The more you practice doing something, the better you get, and it’s no different when it comes to making processors. After a few months, a few small glitches and bugs in a CPU’s logic usually come to light, and the engineers devise solutions. On top of these low-level design tweaks, the actual manufacturing process is usually revised to be more efficient and produce greater yields of higher-frequency CPU dies that require less voltage. The combination of all these tiny improvements is a new, more overclockable stepping of a CPU.
For Intel’s Core i7, the end result of this process is the new D0 stepping, which debuted a couple of months ago in the awesome Xeon W5580 (aka, Nehalem EP) and has now made its way to the desktop inside the all-new Core i7-975 Extreme Edition.
At 3.33GHz the 975 EE isn’t much faster than the old 3.2GHz 965 EE, and the extra speed comes from an additional level of multiplier – 25x rather than 24x – rather than an increase in QPI. As the 975 EE is a new stepping rather than a new design, it has the same cache configuration as the 965 EE: 4 x 64KB of Level 1, 4 x 256KB Level 2 and 8MB of shared Level 3.
The most noticeable difference between the two Core i7 Extreme Editions is in their power consumption. Intel states that the 965 EE has a VID range of between 0.8V and 1.375V but we’ve typically seen VIDs of around 1.3V on the chips we’ve tried.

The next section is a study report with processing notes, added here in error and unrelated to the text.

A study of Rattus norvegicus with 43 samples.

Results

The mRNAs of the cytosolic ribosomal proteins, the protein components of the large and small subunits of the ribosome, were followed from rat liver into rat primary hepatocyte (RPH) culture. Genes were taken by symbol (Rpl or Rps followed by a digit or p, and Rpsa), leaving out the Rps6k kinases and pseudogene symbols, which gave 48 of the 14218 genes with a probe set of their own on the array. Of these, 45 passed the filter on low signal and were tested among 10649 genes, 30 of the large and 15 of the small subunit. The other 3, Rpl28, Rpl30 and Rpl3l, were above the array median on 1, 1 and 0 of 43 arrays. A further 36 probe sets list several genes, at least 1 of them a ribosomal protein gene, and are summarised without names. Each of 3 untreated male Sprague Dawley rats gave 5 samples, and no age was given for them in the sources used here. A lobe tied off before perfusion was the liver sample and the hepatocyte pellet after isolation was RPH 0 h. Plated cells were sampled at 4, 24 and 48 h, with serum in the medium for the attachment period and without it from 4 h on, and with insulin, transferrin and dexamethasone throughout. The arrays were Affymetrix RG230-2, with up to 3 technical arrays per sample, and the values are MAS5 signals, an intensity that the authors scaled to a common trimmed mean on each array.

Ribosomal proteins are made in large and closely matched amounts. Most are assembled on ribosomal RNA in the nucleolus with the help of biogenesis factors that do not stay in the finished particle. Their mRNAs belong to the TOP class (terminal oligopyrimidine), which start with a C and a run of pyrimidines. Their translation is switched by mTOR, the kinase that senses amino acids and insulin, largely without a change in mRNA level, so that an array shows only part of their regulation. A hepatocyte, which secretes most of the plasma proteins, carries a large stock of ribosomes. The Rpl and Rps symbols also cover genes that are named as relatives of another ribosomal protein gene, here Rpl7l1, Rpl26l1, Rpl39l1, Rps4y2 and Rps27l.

Left, the new Intel Core i7-975 Extreme Edition looks like any other Core i7; right, the Asus P6T Deluxe motherboard, which we use to test Core i7 CPUs. Click to enlarge.
In contrast, the vid of the 975 EE we tested was a mere 1.225V, even though Intel give the same VID spread for the 975 EE. The lower VID of our test CPU explains why the 975 EE caused our test PC to consume less power than it did with the 965 EE installed. With both CPUs at stock speed, our system drew 245W when under load with the 975 EE installed and 257W with the 965 EE, as you can read on the Power Consumption page. A lower VID is also great news for overclockers as it allows more headroom for adding extra voltage for a bigger overclock, but we’ll get to that later.
The 975 EE has a low vid thanks to the new D0 stepping improvements
We’ve included the AMD Phenom II X4 955 Black Edition in the graphs as it’s the fastest AMD CPU. However, you should remember that the 955 BE costs only £195 and isn’t a direct competitor to either of the far more expensive Intel CPUs.